Trust 2008

Richard Edelman Blog

edelmanThe 2008 Edelman Trust Barometer is the agency’s ninth Trust and credibility survey among global opinion-forming elite. This year, for the first time, the survey sampled two different age groups concurrently: 25-34 year olds and 35-64 year olds.

Here are [some] the key findings from this year’s study:

  • Communicate peer-to-peer, as well as top-down: There is highest trust in ‘people like me’ and experts such as ‘academics’, ‘doctors’ and ‘financial analysts.’
  • Corporate communications must incorporate social media: As you might expect, social media matters most to the 25 to 34 age group.
  • Engage the info-ential generation to build a beachhead: The 25-to-34 year old group is more trusting of business, less xenophobic and more reliant on multiple sources of information than their older counterparts. 

Social Media Take-Aways

A few interesting Internet-related points from the survey:

  • Social media tools are are making inroads, but are still less trusted than any other information source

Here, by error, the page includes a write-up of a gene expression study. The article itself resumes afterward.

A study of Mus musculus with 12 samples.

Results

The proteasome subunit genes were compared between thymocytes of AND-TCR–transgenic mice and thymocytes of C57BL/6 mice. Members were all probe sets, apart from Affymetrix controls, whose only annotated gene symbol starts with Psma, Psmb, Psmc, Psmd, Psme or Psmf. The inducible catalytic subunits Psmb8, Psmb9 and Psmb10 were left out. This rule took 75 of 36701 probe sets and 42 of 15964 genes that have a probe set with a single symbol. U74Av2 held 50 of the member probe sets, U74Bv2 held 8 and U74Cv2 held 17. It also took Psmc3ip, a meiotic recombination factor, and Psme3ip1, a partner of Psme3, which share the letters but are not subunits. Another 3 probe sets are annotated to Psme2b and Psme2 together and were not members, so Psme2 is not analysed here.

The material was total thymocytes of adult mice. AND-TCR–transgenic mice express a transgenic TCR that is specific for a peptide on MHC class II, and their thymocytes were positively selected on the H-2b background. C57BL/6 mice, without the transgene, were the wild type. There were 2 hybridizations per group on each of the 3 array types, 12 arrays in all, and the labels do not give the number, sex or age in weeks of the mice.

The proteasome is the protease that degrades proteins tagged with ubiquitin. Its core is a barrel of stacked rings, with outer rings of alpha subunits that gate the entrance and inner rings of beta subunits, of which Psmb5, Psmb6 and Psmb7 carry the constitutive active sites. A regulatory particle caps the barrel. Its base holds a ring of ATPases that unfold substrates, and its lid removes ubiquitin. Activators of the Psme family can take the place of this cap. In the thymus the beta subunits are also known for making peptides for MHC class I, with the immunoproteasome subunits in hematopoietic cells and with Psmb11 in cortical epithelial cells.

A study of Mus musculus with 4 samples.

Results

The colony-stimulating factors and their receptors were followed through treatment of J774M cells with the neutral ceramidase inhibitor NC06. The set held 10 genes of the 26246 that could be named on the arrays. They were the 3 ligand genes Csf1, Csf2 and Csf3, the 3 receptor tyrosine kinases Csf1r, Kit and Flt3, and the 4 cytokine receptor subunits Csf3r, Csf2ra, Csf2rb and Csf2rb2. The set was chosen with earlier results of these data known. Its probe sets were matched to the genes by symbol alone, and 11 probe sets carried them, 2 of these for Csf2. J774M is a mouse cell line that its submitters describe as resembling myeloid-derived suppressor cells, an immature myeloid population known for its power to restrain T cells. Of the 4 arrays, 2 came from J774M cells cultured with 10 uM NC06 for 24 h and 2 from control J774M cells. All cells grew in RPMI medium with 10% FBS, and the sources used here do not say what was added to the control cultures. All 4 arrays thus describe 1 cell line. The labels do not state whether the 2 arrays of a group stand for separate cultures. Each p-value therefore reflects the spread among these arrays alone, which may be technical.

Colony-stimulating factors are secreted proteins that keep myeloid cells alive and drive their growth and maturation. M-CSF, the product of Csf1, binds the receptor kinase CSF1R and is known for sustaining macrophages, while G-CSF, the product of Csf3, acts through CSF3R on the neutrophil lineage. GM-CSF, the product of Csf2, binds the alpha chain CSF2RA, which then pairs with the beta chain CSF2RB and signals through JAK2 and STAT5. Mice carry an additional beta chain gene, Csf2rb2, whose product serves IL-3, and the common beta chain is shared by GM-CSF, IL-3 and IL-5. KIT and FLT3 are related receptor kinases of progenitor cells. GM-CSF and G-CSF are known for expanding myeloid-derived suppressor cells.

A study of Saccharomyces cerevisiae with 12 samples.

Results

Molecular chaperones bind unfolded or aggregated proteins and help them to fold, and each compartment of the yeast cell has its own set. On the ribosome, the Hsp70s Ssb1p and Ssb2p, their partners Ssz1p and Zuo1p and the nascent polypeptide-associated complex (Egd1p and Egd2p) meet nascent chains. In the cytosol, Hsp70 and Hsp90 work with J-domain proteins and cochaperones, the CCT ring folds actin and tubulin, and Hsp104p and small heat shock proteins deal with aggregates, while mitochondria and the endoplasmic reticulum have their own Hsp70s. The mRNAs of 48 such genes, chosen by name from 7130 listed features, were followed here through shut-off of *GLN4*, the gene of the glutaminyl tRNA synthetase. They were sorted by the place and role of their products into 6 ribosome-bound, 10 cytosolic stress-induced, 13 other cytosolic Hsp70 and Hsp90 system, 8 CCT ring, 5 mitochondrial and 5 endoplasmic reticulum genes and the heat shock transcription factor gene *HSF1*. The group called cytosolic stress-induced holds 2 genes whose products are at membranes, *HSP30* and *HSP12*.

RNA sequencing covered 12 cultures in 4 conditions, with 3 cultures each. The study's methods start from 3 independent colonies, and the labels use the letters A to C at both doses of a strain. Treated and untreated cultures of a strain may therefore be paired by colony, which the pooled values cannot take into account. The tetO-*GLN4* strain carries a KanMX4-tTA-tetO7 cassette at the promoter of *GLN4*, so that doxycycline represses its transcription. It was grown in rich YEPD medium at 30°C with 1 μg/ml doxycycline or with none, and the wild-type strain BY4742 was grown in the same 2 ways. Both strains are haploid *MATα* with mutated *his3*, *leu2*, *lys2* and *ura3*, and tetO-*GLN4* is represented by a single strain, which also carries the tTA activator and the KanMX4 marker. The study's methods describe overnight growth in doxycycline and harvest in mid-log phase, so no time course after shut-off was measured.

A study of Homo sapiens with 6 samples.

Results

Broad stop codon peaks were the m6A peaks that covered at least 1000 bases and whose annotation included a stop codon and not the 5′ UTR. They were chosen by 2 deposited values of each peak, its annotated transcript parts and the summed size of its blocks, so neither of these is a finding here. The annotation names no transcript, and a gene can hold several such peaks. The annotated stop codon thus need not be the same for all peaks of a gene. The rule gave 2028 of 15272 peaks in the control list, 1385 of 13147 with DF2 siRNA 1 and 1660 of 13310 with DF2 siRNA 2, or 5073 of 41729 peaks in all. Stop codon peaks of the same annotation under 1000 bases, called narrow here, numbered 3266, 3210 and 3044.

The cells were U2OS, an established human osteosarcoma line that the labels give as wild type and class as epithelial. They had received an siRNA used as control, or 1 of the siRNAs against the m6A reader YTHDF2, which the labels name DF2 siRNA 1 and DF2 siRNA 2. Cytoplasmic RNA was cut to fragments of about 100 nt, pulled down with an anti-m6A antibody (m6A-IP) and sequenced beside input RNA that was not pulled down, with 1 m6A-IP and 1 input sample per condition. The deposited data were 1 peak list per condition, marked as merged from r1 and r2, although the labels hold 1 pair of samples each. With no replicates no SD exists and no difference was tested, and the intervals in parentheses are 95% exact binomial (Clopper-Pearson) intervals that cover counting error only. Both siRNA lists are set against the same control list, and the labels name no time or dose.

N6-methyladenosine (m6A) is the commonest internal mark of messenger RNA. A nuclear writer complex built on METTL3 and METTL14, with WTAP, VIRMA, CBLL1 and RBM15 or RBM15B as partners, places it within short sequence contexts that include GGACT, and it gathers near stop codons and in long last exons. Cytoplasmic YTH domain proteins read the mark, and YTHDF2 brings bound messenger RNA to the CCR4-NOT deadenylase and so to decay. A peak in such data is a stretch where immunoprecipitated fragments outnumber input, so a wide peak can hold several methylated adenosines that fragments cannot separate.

• Blogs: Trusted by 26% of 25-34 and 19% of 35-64-year-olds
    • Social networks: 25% and 20%
    • Video sharing sites: 25% and 19%
  • Younger people are more likely to talk online about about trusted and distrusted companies than older people
  • Wikipedia is the second most credible source for young Americans (behind business magazines)
    • Blogs, YouTube and social networks are still close to the bottom, higher only than corporate or product advertising
  • The growing influence of social media is reflected in the names the report gives to the different segments of “elites.” Despite the low trust still currently shown in social media tools, they label the largest segment “social networkers”:
    • Social Networkers (39% of “elites”)
      • Frequently share views on companies by word of mouth
      • Seeks company opinions from trusted sources
      • Want companies to listen
    • Social Activists (26%)
    • Solo Actors (11%)
    • Uninvolved (24%)
  • Bloggers aren’t seen as credible spokespeople – just 4% of people would trust them
    • However, bloggers can also fall into other trusted categories like academics, analysts or doctors, in which case their credibility rockets
  • Social media is more credible as a source of company information in Asian countries

pdf_icon Download the electronic version of Trust Barometer free of charge.

pdf_icon Download the electronic version of Key Findings of the Trust Barometer free of charge.

powerpoint Download the electronic version of Trust Barometer Presentation free of charge.